Reports from some of the world’s leading research authorities on entrepreneurship and UK business indicate that as a nation, the UK may be losing its appetite for entrepreneurialism.
The latest statistical release from the Office for National Statistics (ONS) on the UK’s Business Population revealed that the number of start-up businesses and sole-proprietorships in the UK has reduced for the first time in almost 20 years. Figures show 27,000 fewer businesses were set up in 2018 and the year closed with 49,000 fewer sole-proprietorships.
The Global Entrepreneurship Monitor (GEM) Global Report for 2018-2019 also found that a mere 7% of UK adults have the intention to start a business in the next three-years, prompting speculation that the trend could continue.
Rhiannon Hooper, Director, comments, “At face value the figures could look bleak, but while it is important to take notice of the break in the trend for start-ups, the same ONS Statistical Release also showed a two per cent increase in the number of larger employing businesses and a one per cent increase in the combined annual turnover of UK SMEs in the same period.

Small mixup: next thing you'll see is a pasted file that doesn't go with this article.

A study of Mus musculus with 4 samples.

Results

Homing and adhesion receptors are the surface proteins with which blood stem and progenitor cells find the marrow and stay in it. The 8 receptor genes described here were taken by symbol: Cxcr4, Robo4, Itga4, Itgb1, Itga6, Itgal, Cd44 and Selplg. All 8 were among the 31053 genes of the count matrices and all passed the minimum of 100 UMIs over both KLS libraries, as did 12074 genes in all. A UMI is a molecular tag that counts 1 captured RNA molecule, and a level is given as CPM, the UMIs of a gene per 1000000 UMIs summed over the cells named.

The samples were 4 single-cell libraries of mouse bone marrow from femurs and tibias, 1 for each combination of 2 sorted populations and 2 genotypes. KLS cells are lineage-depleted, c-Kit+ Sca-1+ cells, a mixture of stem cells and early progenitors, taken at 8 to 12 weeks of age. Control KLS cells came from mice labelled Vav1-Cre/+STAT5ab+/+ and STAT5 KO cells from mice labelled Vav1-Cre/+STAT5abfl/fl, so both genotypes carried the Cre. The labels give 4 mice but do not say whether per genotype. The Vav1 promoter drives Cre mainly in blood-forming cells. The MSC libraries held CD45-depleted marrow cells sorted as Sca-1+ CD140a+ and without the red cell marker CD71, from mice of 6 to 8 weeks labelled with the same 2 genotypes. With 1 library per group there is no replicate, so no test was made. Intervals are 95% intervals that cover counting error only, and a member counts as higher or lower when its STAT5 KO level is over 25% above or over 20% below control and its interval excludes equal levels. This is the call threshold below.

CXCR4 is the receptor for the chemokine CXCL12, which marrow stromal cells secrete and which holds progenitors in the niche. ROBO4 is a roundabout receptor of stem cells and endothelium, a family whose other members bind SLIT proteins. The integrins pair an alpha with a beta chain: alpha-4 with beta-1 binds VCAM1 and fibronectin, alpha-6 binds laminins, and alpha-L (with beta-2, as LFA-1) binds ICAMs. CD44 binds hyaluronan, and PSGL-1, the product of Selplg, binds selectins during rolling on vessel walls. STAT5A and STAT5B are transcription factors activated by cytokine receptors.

“The shift from high numbers of start-ups to an increase in small businesses transitioning into medium enterprises and then becoming larger employing businesses is still positive for the UK economy – these are the product of sustained growth.
“Our experience working with businesses from start-up through each landmark moment has shown us that an established SME can be just as entrepreneurial in their aspirations as a start-up. It has also shown us that a one size fits all approach just doesn’t work. Businesses need tailored advice, systems and support not only determined by their age or size, but the complexity of the business and their growth aspirations.
“The UK economy needs to be both stable and dynamic with room and support for established, growing SMEs alongside start-ups. It takes entrepreneurs of all types, and a healthy balance of them to achieve this.”